The Rethinking Literacy conference in Singapore was an opportunity for me to explore how we use technology to bring voice to children’s writing. As early years educators we bring with us experiences based on theorists and pedagogy. Technology is a ‘new’ disruption to what has worked so well in the early years field for centuries. In the early years sector we have been hesitant to engage in too much technology for fear of it overtaking the great practise which we already immerse children in. We (early years educators) have spent hundreds of years trying to justify to Primary and Secondary sectors that what we do with play based teaching is valuable and just as important as the work they do.
At this conference, I spoke at a workshop on using technology to enhance ‘talk for writing’ (screen shots of my slides can be found below). I took educators through a journey of giving children a voice for storytelling, I love this quote from Barbara Hardy;
We dream in narrative, remember, anticipate, hope, despair, believe, doubt, plan, gossip, learn, hate and love in narrative” (Barbara Hardy, 1978)
Everyone has a desire and passion to tell a story, but often our young learners have trouble moving that story from their minds to paper. Audio and visual play such a powerful role in bringing these stories to life.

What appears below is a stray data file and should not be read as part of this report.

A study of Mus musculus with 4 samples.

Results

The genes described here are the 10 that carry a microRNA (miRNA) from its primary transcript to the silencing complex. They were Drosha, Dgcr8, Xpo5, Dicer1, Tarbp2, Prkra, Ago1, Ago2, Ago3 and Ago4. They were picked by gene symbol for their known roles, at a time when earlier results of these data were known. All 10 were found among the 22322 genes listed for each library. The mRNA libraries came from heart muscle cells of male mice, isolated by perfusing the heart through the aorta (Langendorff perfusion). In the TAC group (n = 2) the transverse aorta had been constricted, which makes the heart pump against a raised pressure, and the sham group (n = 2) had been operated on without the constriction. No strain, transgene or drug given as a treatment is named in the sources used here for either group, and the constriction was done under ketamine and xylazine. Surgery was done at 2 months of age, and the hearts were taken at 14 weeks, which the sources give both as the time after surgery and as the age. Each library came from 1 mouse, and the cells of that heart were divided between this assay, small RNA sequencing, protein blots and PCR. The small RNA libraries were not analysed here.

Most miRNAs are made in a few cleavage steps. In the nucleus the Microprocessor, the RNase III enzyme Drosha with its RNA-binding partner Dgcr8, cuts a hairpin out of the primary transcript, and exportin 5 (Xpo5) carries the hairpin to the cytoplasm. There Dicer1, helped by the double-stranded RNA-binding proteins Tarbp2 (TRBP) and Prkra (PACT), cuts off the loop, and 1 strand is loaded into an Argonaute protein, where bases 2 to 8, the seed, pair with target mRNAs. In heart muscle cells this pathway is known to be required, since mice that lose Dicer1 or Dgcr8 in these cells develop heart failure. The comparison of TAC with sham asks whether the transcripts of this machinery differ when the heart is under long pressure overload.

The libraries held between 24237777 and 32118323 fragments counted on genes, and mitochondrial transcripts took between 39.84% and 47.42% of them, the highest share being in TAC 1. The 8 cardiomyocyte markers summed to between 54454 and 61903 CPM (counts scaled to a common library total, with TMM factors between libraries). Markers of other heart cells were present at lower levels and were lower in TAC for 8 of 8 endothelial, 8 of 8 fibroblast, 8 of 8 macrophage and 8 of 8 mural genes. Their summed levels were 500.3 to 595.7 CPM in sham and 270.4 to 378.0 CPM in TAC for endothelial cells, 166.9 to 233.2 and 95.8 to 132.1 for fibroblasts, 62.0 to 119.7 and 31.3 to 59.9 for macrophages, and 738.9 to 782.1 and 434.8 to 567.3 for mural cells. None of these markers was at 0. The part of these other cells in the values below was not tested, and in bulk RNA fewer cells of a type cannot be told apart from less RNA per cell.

Two people who are worth looking at that inspire talk for writing in young children are:
Angela Stockman – She has been inspirational in getting children and teachers to make writing. Over the past 8 years her writing spaces have morphed into maker spaces, where writing is as prominent as the making. https://makewriting.com/about-2/
Pie Corbett – Pie Corbett is an English educational trainer, writer, author and poet who has written well over two hundred books. He is now best known for creating the Talk for Writing approach to learning, which is widely used within UK primary schools. http://www.talk4writing.co.uk/about/
Some of my favourite go to tools for audio and visual are listed throughout the slides:
One point i try to tell all early years educators is, we don’t always need a glossy finished digital product. Putting digital tools into their hands and allowing them to explore and use them to bring their voice and stories is often enough. Technology is such a great tool that can bring awe and wonder and sometimes, just sometimes, that’s enough to have your story heard!